As per a note sent to all secretaries of the Union Government, the Prime Minister’s Office is planning to merge some National Tribunals into larger entities and ensure efficiency. This is also to avoid overlapping/ identical functions being discharged by these tribunals.
"The powers which are normally vested in the courts were conferred upon these tribunals for quick justice based on the principle of natural justice and also to reduce burden on the regular courts," says the note.
There are 35 national tribunals under diverse ministries including the prime corporate arbiter, the Company Law Board, to political sensitive Cauvery Water Tribunal to bureaucracy's grievance redressal mechanism, the Central Administrative Tribunal.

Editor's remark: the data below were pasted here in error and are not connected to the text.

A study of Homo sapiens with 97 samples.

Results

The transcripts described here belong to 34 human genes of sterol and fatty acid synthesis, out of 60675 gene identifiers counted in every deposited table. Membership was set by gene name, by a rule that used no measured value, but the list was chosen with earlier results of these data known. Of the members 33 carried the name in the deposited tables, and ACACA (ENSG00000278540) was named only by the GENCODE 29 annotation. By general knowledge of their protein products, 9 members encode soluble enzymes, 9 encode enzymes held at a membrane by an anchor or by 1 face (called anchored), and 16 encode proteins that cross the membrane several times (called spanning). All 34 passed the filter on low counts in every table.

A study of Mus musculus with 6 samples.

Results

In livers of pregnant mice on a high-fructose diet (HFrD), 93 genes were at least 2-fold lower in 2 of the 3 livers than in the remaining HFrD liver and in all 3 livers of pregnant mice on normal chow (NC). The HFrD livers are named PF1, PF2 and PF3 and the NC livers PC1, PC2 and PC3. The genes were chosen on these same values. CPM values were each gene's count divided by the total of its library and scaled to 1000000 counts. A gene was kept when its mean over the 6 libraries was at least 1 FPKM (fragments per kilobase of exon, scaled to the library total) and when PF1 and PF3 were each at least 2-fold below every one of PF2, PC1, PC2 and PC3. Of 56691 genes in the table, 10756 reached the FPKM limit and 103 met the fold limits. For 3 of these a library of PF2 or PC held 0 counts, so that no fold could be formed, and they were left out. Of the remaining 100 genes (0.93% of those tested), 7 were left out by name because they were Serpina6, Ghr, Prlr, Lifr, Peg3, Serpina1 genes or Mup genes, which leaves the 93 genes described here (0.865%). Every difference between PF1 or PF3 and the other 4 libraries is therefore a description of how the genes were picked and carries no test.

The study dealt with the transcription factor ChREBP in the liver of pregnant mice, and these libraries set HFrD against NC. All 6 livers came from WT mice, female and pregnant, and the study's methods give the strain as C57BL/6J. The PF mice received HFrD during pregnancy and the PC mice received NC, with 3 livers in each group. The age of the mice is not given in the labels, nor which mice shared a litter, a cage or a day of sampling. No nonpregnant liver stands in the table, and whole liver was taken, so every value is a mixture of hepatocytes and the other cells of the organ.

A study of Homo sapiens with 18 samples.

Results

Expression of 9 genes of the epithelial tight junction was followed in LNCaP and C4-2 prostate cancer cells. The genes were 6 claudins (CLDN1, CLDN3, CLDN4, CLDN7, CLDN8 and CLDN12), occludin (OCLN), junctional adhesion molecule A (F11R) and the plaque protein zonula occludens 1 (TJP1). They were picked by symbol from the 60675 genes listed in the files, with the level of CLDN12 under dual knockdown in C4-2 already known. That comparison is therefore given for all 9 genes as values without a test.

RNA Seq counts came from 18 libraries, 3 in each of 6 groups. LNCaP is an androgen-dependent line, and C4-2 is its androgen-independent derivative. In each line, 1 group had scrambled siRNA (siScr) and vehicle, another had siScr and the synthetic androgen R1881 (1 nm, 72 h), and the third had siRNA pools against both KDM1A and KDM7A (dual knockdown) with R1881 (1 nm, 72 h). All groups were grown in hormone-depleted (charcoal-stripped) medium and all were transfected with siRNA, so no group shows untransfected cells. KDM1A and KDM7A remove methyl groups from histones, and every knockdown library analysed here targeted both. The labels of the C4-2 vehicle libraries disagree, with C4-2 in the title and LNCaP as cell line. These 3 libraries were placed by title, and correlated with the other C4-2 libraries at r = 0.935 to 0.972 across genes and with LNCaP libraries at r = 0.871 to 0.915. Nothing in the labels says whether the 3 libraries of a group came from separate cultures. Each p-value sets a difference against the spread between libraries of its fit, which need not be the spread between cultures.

Law Secretary P.K. Malhotra noted that the PMO hence wants all the Ministries to identify Tribunals that can be clubbed together, by March 5. This would involve information to be furnished by each Ministry providing details of the number of cases filed and disposed of in the tribunal and the funds sanctioned and spent by the tribunal in the last ten years.
The Ministries hence need to answer questions such as, "From what date has the tribunal started functioning? What is subject matter jurisdiction of the tribunal? How many benches of the tribunal have been sanctioned by the government? If more than one bench has been sanctioned, please indicate the locations and territorial jurisdictions of other benches".
They also have to provide data showing the number of posts of members of the tribunal, their technical and administrative expertise and their qualifications. The idea behind the project seems to be to hasten the decision making process.
Recently, Parliamentary Standing Committee on Personnel, Public Grievances, Law and Justice highlighted certain key changes in its 74th Report on the Tribunals, Appellate Tribunals and Other Authorities (Conditions of Service) Bill, 2014. You may read the report here.